Publishers miss books deadline

President Uhuru Kenyatta flags off a consignment of school textbooks in Nairobi on Friday, January 5, 2017. /EMMANUEL WANJALA
President Uhuru Kenyatta flags off a consignment of school textbooks in Nairobi on Friday, January 5, 2017. /EMMANUEL WANJALA

More than three million textbooks to be distributed under the government programme are yet to reach public schools despite the lapse of the deadline last month.

Publishers were to distribute 33.8 million textbooks. The government was to buy textbooks for students directly to address the gap in the student-textbook ratio.

The programme was to run for six months between January and June.

Kenya Publishers Association chairman Lawrence Njagi attributed the delay to the long rains that rendered the roads impassable and lack of locally available printing paper.



“Publishers get printing paper from Malaysia and India. The paper sometimes delays reaching the country,” he said.

The Kenya Institute of Curriculum Development awarded tenders to five companies to publish the books for the first phase of the project.

The companies are Kenya Literature Bureau, Moran Publishers, East Africa Publishers, Oxford University Press, and Longhorn Publishers.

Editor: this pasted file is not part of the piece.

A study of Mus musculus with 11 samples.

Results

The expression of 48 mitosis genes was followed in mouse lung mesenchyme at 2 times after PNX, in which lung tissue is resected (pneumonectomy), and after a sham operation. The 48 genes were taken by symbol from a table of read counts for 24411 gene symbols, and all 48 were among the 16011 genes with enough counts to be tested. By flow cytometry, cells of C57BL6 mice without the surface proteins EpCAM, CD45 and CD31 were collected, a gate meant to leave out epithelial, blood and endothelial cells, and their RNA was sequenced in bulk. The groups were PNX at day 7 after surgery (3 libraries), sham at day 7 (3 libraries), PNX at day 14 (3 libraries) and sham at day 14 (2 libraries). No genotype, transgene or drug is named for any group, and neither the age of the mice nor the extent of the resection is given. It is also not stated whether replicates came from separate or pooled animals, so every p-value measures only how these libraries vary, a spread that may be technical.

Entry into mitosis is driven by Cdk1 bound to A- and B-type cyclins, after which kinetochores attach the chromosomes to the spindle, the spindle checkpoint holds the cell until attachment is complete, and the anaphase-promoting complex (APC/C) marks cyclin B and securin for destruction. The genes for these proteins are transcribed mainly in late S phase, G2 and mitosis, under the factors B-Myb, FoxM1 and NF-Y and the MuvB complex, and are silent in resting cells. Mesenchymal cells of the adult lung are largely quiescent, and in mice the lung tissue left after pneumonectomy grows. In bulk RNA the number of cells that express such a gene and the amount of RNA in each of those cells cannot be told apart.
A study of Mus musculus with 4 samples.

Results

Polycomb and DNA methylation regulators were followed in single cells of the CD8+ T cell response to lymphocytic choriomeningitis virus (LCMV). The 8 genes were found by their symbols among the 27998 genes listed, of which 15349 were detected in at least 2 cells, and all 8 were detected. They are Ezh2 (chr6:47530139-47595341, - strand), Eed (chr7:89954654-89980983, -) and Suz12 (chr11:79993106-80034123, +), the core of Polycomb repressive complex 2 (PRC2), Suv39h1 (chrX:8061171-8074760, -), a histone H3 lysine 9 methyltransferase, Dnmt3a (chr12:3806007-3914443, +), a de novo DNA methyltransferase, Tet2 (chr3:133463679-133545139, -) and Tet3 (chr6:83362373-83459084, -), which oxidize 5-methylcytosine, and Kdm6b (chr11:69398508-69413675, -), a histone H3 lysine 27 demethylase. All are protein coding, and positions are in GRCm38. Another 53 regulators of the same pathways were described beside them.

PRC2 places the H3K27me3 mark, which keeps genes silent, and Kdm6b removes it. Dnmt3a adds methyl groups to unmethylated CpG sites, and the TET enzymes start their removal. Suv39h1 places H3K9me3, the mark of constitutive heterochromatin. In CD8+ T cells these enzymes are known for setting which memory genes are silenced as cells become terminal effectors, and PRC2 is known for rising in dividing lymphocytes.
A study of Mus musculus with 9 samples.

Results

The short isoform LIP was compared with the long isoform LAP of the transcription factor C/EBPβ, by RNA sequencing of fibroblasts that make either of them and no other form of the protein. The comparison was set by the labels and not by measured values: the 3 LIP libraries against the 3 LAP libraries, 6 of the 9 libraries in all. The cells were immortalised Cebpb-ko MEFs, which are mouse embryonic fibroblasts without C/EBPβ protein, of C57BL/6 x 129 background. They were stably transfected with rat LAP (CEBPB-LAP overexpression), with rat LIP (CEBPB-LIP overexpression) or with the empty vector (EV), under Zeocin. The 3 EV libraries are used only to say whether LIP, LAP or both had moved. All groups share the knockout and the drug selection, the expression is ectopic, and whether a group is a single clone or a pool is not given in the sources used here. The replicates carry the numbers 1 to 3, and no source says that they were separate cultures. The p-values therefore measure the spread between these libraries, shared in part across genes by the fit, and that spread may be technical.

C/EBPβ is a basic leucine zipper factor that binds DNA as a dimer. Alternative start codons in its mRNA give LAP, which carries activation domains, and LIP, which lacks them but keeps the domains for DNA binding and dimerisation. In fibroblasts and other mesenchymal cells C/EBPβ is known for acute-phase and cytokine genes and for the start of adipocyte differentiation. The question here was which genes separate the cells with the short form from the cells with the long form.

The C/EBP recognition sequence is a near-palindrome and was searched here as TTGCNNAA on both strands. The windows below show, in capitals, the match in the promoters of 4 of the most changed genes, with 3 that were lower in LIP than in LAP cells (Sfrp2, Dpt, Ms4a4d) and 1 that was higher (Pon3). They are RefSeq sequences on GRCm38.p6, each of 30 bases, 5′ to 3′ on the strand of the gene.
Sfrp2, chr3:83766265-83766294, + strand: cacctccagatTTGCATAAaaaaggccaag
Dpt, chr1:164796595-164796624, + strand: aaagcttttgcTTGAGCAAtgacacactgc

Njagi said three publishers - Oxford, Moran and Longhorn - have completed book production .

Kenya Literature Bureau are 90 per cent complete while East African Educational Publishers are 60 per cent done. Njagi said the books are estimated to last three years for lower primary and five for upper primary.

“The book specification on paper and covers are the same, but we took into account the rough and playful nature of children that will affect the durability of the books,” he said.

Njagi said the government could spend more in printing books under the second phase of the project.



However, the second phase, meant to kick off this month, is behind schedule as the government is yet to sign the contract.

The second phase will focus on social sciences including history, geography, agriculture, religious education, business studies and social studies in primary schools.

In the first phase, the government estimated to save the taxpayer Sh13.8 billion as it will now cost Sh7.5 billion, down from the previous Sh21.4 billion.